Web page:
Russia may keep US out of joint space project due to sanctions; plans to rope in China instead

Venera-D is a planned joint space exploration project between Russia's Roscosmos and US space agency NASA to explore Venus.

Published: 26th February 2022 04:18 PM  |   Last Updated: 26th February 2022 04:18 PM   |  A+A-

Satellite orbiting around earth

Image used for representational purpose only.

By PTI

MOSCOW: The US may not be a part of the joint space project Vanera-D with Russia to explore planet Venus following American sanctions on the country and Moscow will carry out the mission alone or with China's participation, the head of the Russian space agency said on Saturday.

Venera-D is a planned joint space exploration project between Russia's Roscosmos and US space agency NASA to explore Venus.

The US and its allies have decided to block assets of four large Russian banks, impose export controls and sanction oligarchs close to Russian President Vladimir Putin after he ordered a "special military operation" against Ukraine on Thursday.

The sanctions "will degrade" Russia's "aerospace industry, including their space programme".

"The United States' participation in the project is impossible due to the sanctions," Director General of the Russian State Space Agency Roscosmos Dmitry Rogozin was quoted as saying by the state-run TASS news agency.

Rogozin said Russia will carry out the mission alone or with China's participation.

The Russian space agency chief said that he had handed down instructions on Friday to launch talks with Beijing on mutual technical assistance for all space research missions.

On Friday, Russia used its veto power in the UN Security Council to block a resolution proposed by the US and other Western countries that would have condemned Russia's military operation in Ukraine.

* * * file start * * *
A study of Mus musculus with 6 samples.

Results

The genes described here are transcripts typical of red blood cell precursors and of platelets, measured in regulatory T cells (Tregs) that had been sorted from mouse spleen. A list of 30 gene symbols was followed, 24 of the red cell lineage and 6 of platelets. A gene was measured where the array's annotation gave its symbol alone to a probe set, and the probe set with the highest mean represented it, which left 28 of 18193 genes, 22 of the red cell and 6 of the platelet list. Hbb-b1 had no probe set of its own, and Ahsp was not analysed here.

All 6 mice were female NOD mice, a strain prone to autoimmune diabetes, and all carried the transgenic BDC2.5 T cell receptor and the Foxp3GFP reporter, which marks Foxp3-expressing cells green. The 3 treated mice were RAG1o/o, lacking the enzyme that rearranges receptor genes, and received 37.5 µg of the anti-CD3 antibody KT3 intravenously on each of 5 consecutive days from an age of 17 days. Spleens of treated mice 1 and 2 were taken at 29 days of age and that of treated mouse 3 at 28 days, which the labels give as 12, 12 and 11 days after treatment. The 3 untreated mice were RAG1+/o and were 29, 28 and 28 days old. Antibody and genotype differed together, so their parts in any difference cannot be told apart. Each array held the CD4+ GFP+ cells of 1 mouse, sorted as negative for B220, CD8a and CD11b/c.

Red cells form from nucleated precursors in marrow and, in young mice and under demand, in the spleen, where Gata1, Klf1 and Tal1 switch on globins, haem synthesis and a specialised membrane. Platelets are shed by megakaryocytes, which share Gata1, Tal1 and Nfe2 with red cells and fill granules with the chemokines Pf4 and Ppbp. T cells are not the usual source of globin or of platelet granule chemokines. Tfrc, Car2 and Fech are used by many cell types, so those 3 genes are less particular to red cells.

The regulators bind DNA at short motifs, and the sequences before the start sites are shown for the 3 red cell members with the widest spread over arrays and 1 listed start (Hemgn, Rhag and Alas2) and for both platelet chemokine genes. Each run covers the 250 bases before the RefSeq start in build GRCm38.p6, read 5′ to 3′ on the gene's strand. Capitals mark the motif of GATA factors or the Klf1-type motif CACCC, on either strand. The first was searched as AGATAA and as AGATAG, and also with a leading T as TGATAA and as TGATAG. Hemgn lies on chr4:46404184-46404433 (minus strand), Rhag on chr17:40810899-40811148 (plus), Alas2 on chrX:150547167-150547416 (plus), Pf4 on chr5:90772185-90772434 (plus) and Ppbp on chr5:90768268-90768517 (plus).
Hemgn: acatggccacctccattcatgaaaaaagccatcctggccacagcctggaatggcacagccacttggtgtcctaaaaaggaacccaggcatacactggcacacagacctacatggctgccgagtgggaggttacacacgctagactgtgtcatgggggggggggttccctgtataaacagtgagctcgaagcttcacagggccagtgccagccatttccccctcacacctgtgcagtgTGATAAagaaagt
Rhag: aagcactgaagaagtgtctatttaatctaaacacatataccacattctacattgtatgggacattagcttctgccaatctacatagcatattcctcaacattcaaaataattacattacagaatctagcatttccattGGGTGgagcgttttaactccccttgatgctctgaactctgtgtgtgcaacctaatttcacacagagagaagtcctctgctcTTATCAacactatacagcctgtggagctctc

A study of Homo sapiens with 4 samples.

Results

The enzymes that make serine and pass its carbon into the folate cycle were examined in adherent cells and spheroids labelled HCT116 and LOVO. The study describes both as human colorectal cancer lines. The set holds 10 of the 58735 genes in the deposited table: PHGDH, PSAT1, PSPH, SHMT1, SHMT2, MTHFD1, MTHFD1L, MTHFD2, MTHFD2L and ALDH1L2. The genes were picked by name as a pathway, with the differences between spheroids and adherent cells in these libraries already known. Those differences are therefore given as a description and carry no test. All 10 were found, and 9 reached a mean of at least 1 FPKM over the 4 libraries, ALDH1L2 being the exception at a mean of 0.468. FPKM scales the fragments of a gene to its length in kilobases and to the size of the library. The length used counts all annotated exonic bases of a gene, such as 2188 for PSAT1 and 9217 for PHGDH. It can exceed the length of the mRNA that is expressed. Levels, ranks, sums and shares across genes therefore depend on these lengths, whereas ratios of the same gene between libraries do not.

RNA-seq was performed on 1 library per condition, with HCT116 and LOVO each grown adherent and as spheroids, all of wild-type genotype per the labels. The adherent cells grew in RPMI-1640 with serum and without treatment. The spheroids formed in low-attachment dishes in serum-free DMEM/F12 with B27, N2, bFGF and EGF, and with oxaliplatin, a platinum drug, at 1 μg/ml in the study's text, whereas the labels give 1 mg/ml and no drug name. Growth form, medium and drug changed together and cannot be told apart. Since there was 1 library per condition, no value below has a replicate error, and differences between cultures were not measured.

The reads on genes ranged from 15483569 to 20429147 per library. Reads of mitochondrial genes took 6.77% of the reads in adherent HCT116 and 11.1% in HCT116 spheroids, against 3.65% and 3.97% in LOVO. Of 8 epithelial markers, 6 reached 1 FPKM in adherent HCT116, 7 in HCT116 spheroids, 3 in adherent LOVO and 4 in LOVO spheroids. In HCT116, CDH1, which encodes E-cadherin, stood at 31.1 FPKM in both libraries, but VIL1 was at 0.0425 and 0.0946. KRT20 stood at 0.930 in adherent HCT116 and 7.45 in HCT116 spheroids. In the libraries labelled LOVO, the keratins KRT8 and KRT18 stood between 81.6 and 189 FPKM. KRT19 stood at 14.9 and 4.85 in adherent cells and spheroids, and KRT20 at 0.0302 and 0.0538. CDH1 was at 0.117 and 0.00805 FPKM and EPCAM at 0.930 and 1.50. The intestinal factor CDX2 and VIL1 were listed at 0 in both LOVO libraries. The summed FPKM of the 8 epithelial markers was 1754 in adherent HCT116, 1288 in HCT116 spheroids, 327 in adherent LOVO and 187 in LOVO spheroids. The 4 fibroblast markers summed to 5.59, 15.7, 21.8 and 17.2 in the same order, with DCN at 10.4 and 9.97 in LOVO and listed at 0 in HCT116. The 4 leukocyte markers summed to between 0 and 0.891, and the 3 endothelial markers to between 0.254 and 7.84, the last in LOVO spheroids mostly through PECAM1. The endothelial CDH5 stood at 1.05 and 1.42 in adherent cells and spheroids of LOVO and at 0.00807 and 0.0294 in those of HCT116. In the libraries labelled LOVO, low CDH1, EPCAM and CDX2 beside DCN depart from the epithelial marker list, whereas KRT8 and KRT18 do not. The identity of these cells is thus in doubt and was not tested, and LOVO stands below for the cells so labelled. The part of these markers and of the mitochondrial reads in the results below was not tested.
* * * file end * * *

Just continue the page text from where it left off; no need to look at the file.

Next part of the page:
India, China and the UAE abstained from voting on the resolution.

Roscosmos has also suspended its cooperation with European partners on space launches from the Guiana Space Centre in Kourou and withdrawn its technical personnel from the French Guiana in response to the EU sanctions following Russia's military offensive against Ukraine.

There are 87 Russian citizens currently at the Kourou cosmodrome. Their departure is currently being organised, TASS news agency reported.

The EU imposed tough financial and technological sanctions against 64 key Russian structures, including the Progress rocket and space center.

Rogozin also warned the US that the slew of sanctions imposed on Moscow can "destroy our cooperation" on the International Space Station (ISS) and asked Washington if it wants to threaten India and China with the "possibility of a 500-tonne structure falling" on them.

Russia and the US are the major partners in the ISS programme, which also includes Canada, Japan and several European nations like France, Italy and Spain.

There are currently four NASA astronauts, two Russian cosmonauts and one European astronaut living and working on board the orbiting outpost.